Net Worth - $12.5 billion (2017)
Residence: Denver, Colorado, United States of America
Over five decades Phil Anschutz has built fortunes in oil, railroads, telecom, real estate and entertainment. He started with his dad's small oil business, which nearly collapsed. He now owns the NHL's Kings and a third of the Lakers, plus the building they play in, the Staples Center. His movie company produced the Chronicles of Narniaseries. His AEG Live reps music artists and produces their concert tours. And on 300,000 acres he owns in Wyoming, Anschutz is fixing to build the world's biggest wind farm. In June 2016 he combined his two 5-star resorts, The Broadmoor in Colorado Springs, Colorado and Sea Island in Georgia into a standalone company. To ensure these jewels stay in the family, he put them into a 100-year trust. A dedicated philanthropist, he endowed his family foundation with $1 billion, and donated his collection of some 400 masterpieces to create the American Museum of Western Art in Denver.
Anschutz took over his father’s oil business in 1965 at age 25, almost lost everything on a string of dry holes. The cash of $100,000 he got from the rights of the film 1968 Hell-fighters, starring John Wayne, put him to the next gusher, and in 1982, he sold his half of the Anschutz Ranch East Field to Mobil for $500 million.
In 1984 he bought William Jackson Palmer’s Denver & Rio Grande for $500 million. He leveraged that into control of the entire Southern Pacific network, which he sold to Union Pacific in a $5.4 billion deal in 1995. On the railroads’ rights of way Anschutz had laid copious amounts of fiber-optic cable, which became the foundation of Qwest Communications.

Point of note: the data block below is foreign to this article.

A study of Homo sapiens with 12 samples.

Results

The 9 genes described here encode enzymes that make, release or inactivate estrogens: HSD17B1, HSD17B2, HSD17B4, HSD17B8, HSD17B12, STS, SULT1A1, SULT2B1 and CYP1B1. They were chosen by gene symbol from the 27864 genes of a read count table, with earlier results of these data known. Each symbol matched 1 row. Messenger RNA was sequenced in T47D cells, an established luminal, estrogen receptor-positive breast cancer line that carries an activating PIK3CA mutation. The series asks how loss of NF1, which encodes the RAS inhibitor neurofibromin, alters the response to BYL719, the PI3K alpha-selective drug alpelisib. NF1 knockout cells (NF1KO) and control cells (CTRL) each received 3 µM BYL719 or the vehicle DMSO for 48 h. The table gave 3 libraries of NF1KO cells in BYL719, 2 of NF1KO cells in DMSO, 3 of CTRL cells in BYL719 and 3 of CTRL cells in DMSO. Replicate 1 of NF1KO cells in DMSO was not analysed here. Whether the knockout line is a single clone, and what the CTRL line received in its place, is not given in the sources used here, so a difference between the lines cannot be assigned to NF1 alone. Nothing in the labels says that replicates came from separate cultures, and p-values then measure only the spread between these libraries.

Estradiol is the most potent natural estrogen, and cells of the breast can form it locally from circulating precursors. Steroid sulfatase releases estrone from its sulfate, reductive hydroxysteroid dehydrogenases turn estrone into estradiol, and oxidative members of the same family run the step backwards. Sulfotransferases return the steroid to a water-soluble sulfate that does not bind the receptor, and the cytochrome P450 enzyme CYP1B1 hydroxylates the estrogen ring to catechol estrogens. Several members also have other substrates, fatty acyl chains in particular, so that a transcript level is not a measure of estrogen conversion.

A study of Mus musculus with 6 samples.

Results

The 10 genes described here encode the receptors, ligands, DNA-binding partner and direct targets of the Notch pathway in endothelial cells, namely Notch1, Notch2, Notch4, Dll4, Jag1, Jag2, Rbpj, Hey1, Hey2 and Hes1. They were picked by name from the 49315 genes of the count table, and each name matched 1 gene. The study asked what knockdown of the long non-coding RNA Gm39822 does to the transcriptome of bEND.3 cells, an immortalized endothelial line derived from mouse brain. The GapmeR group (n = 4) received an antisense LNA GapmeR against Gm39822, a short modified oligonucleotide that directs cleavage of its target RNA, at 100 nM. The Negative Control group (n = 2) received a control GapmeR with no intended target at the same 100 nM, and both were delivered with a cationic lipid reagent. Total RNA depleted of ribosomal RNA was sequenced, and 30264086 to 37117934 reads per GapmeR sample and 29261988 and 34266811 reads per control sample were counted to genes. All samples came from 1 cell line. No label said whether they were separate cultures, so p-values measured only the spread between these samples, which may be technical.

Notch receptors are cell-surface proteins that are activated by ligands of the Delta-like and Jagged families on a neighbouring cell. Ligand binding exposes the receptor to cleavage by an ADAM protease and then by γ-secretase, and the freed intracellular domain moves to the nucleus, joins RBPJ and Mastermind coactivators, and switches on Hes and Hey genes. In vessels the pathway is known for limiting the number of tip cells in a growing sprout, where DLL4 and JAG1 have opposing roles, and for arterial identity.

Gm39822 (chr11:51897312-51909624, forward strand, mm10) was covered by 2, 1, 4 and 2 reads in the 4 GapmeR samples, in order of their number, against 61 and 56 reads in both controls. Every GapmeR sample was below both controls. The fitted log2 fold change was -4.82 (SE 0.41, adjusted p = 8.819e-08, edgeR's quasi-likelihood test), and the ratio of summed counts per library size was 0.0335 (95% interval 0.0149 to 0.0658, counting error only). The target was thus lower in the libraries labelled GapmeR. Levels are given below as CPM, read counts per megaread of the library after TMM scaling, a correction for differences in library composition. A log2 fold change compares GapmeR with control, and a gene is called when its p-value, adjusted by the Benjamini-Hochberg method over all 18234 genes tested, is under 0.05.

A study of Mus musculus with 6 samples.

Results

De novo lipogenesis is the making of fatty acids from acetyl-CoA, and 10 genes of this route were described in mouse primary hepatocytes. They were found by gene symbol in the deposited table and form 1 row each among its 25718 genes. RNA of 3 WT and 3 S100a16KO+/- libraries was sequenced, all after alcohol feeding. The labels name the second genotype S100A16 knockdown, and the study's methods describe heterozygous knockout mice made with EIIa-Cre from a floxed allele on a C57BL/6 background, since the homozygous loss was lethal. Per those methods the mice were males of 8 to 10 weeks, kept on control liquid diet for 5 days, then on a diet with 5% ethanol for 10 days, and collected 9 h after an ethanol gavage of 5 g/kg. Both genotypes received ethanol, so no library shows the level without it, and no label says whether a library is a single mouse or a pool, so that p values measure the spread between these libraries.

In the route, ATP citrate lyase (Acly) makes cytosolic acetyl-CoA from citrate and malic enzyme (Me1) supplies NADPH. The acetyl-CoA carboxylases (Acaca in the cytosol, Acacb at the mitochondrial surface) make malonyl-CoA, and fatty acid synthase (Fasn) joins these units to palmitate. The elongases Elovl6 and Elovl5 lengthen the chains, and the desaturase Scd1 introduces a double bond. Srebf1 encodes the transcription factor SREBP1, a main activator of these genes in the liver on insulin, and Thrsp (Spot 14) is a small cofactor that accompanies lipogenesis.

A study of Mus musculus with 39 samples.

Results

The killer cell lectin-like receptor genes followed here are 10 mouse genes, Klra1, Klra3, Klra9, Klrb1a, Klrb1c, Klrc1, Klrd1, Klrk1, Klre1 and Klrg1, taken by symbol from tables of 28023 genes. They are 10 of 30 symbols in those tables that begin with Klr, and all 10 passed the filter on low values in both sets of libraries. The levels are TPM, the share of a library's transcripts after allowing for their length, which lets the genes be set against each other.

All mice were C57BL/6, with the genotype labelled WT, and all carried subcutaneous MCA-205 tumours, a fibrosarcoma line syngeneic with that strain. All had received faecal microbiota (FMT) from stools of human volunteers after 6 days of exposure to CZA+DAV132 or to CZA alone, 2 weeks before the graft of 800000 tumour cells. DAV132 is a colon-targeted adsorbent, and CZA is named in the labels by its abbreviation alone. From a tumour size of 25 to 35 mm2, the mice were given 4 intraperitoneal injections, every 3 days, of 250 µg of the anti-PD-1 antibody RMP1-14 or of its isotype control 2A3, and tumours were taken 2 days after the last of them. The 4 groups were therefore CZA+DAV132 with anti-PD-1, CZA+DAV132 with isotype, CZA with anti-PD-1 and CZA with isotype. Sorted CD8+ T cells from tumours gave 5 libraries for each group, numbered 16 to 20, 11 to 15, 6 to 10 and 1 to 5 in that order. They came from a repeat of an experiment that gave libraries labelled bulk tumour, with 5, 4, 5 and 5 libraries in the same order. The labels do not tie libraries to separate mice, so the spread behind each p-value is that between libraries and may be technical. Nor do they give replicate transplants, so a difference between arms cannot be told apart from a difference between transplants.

Always reinvesting in oil, in 2010 he made $2.2 billion selling fields in Pennsylvania, North Dakota and Ohio. His $4 billion Anschutz Entertainment Group (AEG) now owns or manages more than 120 venues worldwide. The cornerstone is the Staples Center and surrounding L.A. Live complex, which AEG completed by 2010.
It’s not enough to just own the locations; Anschutz also owns teams that play there (including the Los Angeles Kings, and a piece of the Lakers), while his AEG Live division represents artists (such as Taylor Swift, Justin Bieber and Carrie Underwood) and promotes their concert tours. To maximize his take, Anschutz created a ticketing platform to compete with Ticketmaster: AXS sells 29 million a year. He also entered the travel business with his 2008 acquisition of Xanterra, which operates lodges in national parks such as the Grand Canyon and Yellowstone.